RAS: Robotic Assembly System for Steel Structure
This research focuses on a long-lasting yet critical problem in the erection assembly of steel structures. In the current state of practice, steel workers need to stand on the unfinished structure to assist the assembly of structural elements manually. They must grab the wire under the rigging elements and align the bolting holes between the moving and fixed elements. These works are usually performed in high places, which are very challenging and unsafe. Therefore, we developed a robotic assembly system (RAS) that remove workers from the dangerous spot and perform the assembly tasks semi-automatically. The RAS consists of four modules: rotation, alignment, bolting, and unloading module. First, the rotation module is a mechanism box equipped with a flywheel on the top of the rigging beam aiming to rotate the beam to the assembly angle. The operator controls the flywheel at the remote location.
Second, the alignment module is divided into two stages: vertical alignment and horizontal alignment. The vertical alignment is used to ensure the rigging beam is at the right altitude. We use a camera to detect a marker on the column and a light signal to inform the operator that the beam has reached the target altitude. The horizontal alignment is used to ensure the beam is at the assembly position, which is achieved by a specially designed beam shape. The shape of the beam flange is parallelogram so the beam can be smoothly trolled to the assembly position. Third, the bolting module is used to assemble the beam. We add an additional plug hole above each bolt hole. With the newly designed bolt, it can plug in and slide to the bolt hole. Finally, the unloading module is used to unload the rigging cable and the RAS. We use a pin mechanism for beam-hook connection and attach to RAS, so it can be unplugged by motors easily.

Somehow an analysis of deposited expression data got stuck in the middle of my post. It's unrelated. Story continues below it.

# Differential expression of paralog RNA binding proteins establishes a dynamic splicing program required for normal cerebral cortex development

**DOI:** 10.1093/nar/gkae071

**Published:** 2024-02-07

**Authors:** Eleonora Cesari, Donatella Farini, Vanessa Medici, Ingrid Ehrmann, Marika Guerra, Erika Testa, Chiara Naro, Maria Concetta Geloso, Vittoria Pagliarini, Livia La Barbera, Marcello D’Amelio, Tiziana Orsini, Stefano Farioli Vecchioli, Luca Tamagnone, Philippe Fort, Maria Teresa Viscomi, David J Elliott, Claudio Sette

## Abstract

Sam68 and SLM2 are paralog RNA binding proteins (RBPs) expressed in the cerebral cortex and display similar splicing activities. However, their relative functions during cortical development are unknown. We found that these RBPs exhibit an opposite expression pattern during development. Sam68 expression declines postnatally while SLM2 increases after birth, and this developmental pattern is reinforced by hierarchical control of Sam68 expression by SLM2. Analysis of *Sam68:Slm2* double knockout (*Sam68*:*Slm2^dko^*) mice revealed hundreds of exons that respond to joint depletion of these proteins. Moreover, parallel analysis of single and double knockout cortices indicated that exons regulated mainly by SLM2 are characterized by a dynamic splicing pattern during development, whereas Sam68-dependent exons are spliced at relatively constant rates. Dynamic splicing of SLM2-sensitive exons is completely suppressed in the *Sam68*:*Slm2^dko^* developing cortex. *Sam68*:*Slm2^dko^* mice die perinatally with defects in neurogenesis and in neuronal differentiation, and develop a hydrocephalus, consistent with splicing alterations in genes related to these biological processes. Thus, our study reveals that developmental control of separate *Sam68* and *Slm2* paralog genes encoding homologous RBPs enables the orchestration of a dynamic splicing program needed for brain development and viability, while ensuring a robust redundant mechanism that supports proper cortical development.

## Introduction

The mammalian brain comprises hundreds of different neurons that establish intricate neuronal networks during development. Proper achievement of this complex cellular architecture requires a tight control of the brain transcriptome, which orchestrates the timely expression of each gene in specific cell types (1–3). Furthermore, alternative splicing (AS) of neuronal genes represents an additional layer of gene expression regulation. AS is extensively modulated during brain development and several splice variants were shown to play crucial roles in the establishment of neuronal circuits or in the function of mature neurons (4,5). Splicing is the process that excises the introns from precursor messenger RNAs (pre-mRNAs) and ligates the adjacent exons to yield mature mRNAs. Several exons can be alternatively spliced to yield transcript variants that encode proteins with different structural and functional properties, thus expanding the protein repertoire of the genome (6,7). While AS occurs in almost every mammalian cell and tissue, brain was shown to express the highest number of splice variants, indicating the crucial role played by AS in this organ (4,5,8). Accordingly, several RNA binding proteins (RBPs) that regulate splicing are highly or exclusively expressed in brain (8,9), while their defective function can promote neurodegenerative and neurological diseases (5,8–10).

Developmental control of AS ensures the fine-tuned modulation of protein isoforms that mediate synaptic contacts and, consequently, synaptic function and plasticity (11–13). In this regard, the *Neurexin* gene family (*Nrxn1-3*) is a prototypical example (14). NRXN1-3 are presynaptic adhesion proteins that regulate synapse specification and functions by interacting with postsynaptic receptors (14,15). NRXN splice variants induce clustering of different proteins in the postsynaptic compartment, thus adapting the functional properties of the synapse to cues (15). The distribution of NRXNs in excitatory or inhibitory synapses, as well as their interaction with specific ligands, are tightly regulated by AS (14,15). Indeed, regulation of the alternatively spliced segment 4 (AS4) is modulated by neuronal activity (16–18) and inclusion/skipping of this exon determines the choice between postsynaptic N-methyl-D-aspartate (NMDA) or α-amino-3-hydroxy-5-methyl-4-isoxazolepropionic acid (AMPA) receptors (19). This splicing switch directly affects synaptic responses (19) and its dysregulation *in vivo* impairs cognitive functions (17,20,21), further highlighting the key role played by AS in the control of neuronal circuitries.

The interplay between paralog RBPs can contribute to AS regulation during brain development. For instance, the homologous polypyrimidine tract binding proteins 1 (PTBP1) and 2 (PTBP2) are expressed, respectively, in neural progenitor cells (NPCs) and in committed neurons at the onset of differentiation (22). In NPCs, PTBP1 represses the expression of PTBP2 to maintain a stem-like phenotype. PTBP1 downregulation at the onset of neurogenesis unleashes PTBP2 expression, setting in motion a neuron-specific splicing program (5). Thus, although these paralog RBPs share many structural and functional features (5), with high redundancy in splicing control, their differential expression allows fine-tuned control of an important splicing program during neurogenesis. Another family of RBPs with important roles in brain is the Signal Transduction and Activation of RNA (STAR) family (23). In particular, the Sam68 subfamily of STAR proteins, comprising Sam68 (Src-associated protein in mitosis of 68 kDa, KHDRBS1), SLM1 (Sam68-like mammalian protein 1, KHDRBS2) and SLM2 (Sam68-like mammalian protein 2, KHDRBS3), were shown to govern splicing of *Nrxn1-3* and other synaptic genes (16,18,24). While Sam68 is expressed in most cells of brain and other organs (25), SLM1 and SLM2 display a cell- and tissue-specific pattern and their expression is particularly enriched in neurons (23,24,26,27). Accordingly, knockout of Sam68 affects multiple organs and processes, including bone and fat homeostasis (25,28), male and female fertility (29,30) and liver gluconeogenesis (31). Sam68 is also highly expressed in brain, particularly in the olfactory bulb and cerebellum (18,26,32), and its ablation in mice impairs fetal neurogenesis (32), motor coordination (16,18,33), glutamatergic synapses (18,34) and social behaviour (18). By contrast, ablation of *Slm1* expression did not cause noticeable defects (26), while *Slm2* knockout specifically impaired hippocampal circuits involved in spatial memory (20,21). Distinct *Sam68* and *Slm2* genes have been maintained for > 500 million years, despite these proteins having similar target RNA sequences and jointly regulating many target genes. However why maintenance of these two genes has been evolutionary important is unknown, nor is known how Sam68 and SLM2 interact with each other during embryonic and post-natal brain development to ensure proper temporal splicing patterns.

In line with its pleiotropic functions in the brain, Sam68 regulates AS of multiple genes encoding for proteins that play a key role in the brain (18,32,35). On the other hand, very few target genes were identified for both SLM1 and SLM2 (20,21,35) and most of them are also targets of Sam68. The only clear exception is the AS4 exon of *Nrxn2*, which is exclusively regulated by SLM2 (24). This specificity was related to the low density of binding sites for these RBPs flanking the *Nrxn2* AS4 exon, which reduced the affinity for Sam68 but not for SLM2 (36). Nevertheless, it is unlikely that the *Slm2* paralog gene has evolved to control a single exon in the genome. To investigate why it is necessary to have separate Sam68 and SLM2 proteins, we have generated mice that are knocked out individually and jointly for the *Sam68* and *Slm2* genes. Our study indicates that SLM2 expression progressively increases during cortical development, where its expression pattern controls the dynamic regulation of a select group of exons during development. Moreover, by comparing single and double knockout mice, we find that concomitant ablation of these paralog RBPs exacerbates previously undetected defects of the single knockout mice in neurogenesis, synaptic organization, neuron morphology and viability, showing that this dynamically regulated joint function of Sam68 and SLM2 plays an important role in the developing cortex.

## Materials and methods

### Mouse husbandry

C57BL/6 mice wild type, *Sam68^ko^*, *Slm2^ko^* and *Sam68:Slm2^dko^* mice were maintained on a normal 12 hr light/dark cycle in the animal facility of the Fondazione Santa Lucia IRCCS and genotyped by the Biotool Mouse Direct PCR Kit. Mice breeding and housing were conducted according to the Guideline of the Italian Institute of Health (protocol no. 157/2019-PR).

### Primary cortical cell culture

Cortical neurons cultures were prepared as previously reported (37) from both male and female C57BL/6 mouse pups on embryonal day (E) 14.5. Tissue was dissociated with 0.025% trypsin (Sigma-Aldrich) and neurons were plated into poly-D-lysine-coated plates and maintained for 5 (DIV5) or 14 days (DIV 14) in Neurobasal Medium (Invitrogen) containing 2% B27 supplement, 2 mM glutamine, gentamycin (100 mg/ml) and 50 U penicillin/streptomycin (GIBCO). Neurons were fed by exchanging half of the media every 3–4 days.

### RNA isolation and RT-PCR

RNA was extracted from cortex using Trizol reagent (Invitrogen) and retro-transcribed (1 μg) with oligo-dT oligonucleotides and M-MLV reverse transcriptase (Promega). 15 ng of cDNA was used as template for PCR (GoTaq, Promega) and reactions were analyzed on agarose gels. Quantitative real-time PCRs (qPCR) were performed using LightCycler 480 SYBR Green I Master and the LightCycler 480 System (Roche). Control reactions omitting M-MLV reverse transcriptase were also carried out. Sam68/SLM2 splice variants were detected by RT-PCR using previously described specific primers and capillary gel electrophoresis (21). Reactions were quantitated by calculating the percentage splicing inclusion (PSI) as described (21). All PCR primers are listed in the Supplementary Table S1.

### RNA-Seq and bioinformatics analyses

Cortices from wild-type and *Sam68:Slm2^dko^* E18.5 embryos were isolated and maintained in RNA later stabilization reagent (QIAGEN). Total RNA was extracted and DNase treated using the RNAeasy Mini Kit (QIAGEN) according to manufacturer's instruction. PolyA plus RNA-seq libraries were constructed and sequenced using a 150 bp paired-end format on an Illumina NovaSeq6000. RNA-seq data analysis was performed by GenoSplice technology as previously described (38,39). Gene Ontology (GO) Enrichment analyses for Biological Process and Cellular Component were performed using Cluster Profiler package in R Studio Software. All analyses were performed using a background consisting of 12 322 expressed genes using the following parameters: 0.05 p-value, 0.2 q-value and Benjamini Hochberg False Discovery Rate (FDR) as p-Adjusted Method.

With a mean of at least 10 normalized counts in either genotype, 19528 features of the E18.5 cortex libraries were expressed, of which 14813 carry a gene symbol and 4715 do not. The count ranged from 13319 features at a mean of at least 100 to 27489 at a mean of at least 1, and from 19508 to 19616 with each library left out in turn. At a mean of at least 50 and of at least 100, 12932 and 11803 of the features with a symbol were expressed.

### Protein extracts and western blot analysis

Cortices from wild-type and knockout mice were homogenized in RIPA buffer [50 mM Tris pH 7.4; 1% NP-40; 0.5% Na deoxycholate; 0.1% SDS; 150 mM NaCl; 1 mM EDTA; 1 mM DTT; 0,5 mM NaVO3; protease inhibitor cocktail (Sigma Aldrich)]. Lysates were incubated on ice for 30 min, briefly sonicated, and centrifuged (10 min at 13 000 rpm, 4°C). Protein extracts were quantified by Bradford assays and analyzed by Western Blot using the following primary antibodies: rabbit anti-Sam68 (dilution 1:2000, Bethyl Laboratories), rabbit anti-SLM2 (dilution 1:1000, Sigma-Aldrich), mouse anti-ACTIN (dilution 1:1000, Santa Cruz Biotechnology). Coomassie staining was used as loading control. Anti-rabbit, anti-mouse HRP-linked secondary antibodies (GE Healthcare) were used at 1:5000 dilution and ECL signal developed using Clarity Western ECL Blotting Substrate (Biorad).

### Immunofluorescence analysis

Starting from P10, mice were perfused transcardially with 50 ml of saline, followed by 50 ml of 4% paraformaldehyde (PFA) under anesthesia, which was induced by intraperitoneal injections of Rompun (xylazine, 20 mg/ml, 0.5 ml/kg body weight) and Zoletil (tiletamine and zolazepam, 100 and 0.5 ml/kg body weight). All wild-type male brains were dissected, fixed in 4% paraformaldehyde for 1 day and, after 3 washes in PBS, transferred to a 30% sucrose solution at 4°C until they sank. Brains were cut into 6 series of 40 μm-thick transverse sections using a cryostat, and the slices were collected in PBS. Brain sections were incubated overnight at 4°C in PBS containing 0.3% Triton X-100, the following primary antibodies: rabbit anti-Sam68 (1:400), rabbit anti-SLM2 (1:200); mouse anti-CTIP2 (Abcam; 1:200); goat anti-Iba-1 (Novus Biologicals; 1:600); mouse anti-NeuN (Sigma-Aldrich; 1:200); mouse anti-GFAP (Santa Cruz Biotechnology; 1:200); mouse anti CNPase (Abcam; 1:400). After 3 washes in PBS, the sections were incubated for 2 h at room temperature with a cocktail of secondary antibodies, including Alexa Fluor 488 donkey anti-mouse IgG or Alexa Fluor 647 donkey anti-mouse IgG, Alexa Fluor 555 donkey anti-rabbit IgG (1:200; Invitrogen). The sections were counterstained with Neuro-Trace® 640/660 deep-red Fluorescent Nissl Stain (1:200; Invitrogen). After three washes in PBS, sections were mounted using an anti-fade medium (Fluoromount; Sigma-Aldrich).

The system was implemented in a scaled-experiment construction site and compared with the traditional process. The results showed that the RAS can reduce the operation time by 86% and operate without human workers nearby. In conclusion, we develop a robotic assembly system that can help reduce the accidental falls of the steel beam assembly process. The RAS fits the current erection process and can be broadly introduced to existing construction sites.